An MoD spokeswoman said later that the trust, which was given high-profile support by Diana, Princess of Wales, had asked for help with equipment. The vehicles had been used by the Army in Bosnia.
Mr Robertson told MPs that the surplus equipment - "Volvo medium-wheel tractors" - were worth about pounds 125,000 and would "considerably increase the rate of mine-clearance and the safety of operators".
He said that the Government would soon be destroying about a million anti-personnel landmines, retaining only a small number for mine-clearance and training purposes.
Since it took office, the Government has also doubled its humanitarian de-mining programme budget to pounds 10m - available to non-government organisations, and others, for mine- clearance projects.
The Halo Trust, which will use the "tractors" in northern Afghanistan, and Angola, also operates in Cambodia, Mozambique and Chechnya.
Mr Robertson said: "I am extremely proud that this government has led the way in the campaign against anti-personnel landmines. These weapons are a blight on the face of the earth, and the sooner they are outlawed forever, the safer our world will be."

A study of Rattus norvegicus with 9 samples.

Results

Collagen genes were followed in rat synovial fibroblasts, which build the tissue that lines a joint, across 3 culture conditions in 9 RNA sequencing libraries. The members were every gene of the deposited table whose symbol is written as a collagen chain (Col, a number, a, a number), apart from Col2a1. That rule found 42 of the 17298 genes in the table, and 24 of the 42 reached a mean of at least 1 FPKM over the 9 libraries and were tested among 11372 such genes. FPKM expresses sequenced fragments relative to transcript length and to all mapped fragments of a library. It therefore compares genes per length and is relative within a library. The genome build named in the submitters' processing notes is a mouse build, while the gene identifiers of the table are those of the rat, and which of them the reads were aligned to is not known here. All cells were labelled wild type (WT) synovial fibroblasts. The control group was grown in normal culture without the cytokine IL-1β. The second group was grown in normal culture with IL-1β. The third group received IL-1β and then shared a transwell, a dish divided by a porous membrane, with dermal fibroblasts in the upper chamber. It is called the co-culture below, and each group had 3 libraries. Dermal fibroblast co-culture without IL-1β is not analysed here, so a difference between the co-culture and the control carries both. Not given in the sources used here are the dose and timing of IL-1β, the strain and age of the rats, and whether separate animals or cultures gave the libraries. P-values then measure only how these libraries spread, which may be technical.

The minister also said that the Government had set up a mine information and training centre, and he added: "We will continue to use the expertise of the British Army, which is formidable, to make sure that they are able to help not only other military agencies but the civil and humanitarian charitable community with the work that they are doing, to deal with a weapons system that has damaged and killed so many millions of people."